G.Dep Sentenced To 15 Years In Prison, Conflicted Juror Speaks On Conviction...

TheVerdict: 
Maybe you haven't been paying attention to the G.Dep (Trevell Coleman) case -- I haven't.  Once this man turned himself in for shooting (attempted murder) a man in 1993 while high on PCP, I couldn't help but find him a fool.  When I found out that he had battled a severe drug addiction after a failed rap career, turned his life around, got married, and had kids, I found him even more a fool for what came next.  This man, did the "honorable" thing by walking into a police station and confessing to shooting a man 19 years ago.  However, come to find out, that man died, by the hands of that gun G.Dep wielded infront of him 19 years ago.  Police never found the guilty party and shelved the case, probably for good.  This is one of the saddest things
 I've ever seen an "honorable" black man do to himself.and for himself at the same time.

Sir, you didn't think this out well at all.  You could have atleast did some research to find out how the guy you shot was doing, before you turned yourself into police.  You walked into that police station knowing you had a wife and kids.  You knew you could be convicted of attempted murder and sentenced to prison life for some time.  In what state aren't the courts actively throwing the book at black males?  I just find this act more selfish and disheartening a situation, then honorable.

 
"...we the jurors wrestled with a mess of things, but couldn't avoid the evidence. I sometimes wondered if I was fit to judge this man who was capable of acts of public violence and personal honor I couldn't even imagine having to wrestle with. And I'd think: Hasn't this man suffered enough? He's done twenty years in his head already. That's a slower, more infernal form of justice, the interior kind, isn't it?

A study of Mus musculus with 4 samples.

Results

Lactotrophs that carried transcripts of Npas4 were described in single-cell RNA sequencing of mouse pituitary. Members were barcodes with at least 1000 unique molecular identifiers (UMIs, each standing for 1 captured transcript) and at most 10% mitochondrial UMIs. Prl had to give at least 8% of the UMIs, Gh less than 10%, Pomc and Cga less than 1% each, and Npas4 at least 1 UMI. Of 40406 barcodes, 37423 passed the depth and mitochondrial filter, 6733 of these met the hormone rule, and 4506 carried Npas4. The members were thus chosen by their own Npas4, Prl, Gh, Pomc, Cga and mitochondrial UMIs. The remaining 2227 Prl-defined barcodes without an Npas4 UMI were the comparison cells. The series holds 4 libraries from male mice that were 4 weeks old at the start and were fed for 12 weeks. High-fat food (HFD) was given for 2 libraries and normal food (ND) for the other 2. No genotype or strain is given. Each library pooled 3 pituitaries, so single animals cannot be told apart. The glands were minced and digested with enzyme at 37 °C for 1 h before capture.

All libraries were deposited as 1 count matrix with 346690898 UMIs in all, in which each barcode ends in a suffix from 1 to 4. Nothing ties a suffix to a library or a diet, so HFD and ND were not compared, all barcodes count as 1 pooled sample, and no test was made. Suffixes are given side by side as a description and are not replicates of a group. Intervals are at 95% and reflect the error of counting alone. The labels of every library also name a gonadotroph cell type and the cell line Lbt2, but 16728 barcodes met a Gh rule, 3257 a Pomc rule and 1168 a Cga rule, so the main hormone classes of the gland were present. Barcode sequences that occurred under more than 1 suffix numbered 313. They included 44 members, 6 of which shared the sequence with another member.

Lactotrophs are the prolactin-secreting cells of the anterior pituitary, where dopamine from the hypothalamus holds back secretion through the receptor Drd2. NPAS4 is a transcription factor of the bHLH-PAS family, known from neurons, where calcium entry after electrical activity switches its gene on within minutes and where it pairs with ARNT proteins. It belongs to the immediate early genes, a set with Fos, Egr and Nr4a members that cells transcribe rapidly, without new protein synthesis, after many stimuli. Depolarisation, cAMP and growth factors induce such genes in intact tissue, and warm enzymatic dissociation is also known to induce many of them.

And yeah, tell that to the guy he killed.

We found him guilty, because he was, and no one's excusing anything. (After the trial, he talked to MTV and, sounding like a man unburdened, thanked "everybody that was involved in the case.") Still, it's a heavy feeling: I helped put him away, and yet when I think of someone who did his duty, I think of Trevell Coleman."

Read More GQ.com
A lot of people are calling this the honorable thing to do, but I can't help but be a bit upset.  Some things in life balance out the way they do for a reason.  With all the innocent deaths at the hands of unconvicted and uncharged officers, all the innocent black men in prison, just, all the Yin in this world, you Sir, in my opinion, were a Yang.  Now you're a Yin.  Your kids are a statistic.  They may be a statistic of a good father who did the "right" thing in the eyes of yourself and many, but I wonder how they, your wife, and your family feel about this outcome.  I atleast hope you are awarded the opportunity to be paroled in a few years. 

Honestly, I'm just torn and I wonder if I should be.  You committed a murderous act and should be punished, yet it seems you've already been punished enough at the hands of a higher power.  You tormented yourself with 19 years of guilt over this heinous act, and now you'll pay another 15 years for it in a cell.  Are you really an honorable person for doing your "duty".  Better yet, is that truly an "honorable" duty given our corrupt justice system?  Is it more or less honorable than a Priest being forgiven for unthinkable crimes during a simple confession to one of his peers?  They leave it up to God.  Am I wrong to kind of wish you had too?  I'm sure the victim and their family would disagree with this, and they'd be 100% right.